Good news – the inheritance tax allowance has increased to £900,000!
Posted on April 11th 2018
As of 6th April, married couples and civil partners will be able to pass on up to £900,000 completely free of inheritance tax.
What do the changes mean?
Before the changes, a single person could pass up to £325,000 to their heirs without paying inheritance tax. Inheritance tax is a tax on the estate (the property, money and possessions) of someone who’s died.
Once you exceed the inheritance tax allowance, a tax of 40% is applied on everything above this amount. Any allowance you do not use before you die can be transferred to your spouse/civil partner, along with your assets. Before the changes, this meant that a married couple could pass £650,000 of inheritance on, tax-free.
In 2017, an additional inheritance tax allowance, called the ‘residence nil-rate,’ was introduced. You can learn about this fully here .
This tax allowance applies when your estate contains a property you intend to pass on. When it was implemented in 2017, it gave each person an additional £100,000 to pass on tax-free. To reflect the rising value of property in the UK, the allowance is due to rise by £25,000 every year until 2020/21.
That means that this year the residence nil-rate is £125,000 per person. Added to the regular inheritance tax allowance of £325,000, you will now be able to pass on £450,000 to your direct descendants in the 2018/19 tax year. If you are a married couple, this means you will be able to pass on up to £900,000, without paying inheritance tax.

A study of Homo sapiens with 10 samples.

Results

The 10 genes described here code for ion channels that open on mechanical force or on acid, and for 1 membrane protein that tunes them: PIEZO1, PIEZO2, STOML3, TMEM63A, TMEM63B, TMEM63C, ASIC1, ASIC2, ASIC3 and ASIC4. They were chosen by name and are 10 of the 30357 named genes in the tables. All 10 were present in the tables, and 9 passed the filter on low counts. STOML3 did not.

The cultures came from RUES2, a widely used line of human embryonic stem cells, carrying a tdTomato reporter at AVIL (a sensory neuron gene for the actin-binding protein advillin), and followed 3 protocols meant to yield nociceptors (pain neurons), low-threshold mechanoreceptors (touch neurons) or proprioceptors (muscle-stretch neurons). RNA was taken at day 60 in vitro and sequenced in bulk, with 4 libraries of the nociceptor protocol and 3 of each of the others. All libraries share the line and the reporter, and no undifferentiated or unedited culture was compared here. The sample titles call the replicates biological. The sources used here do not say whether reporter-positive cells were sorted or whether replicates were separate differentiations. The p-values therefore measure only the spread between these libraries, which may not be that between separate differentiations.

Can you pass your property on to anyone tax-free?
For the additional inheritance tax allowance to apply, your property (or the majority of it) must be passed on to ‘direct descendants.’ This includes:
- Children and their spouses/civil partners
- Grandchildren and their spouses/civil partners
- Great-grandchildren and their spouses/civil partners
- Adopted children
- Foster children
- Children who were under the guardianship of the people passing on their estate.
To learn more:
This article by Which? discusses the changes to inheritance tax. It also discusses how other changes this year may mean that you can leave even more of your estate, tax-free, to your descendants.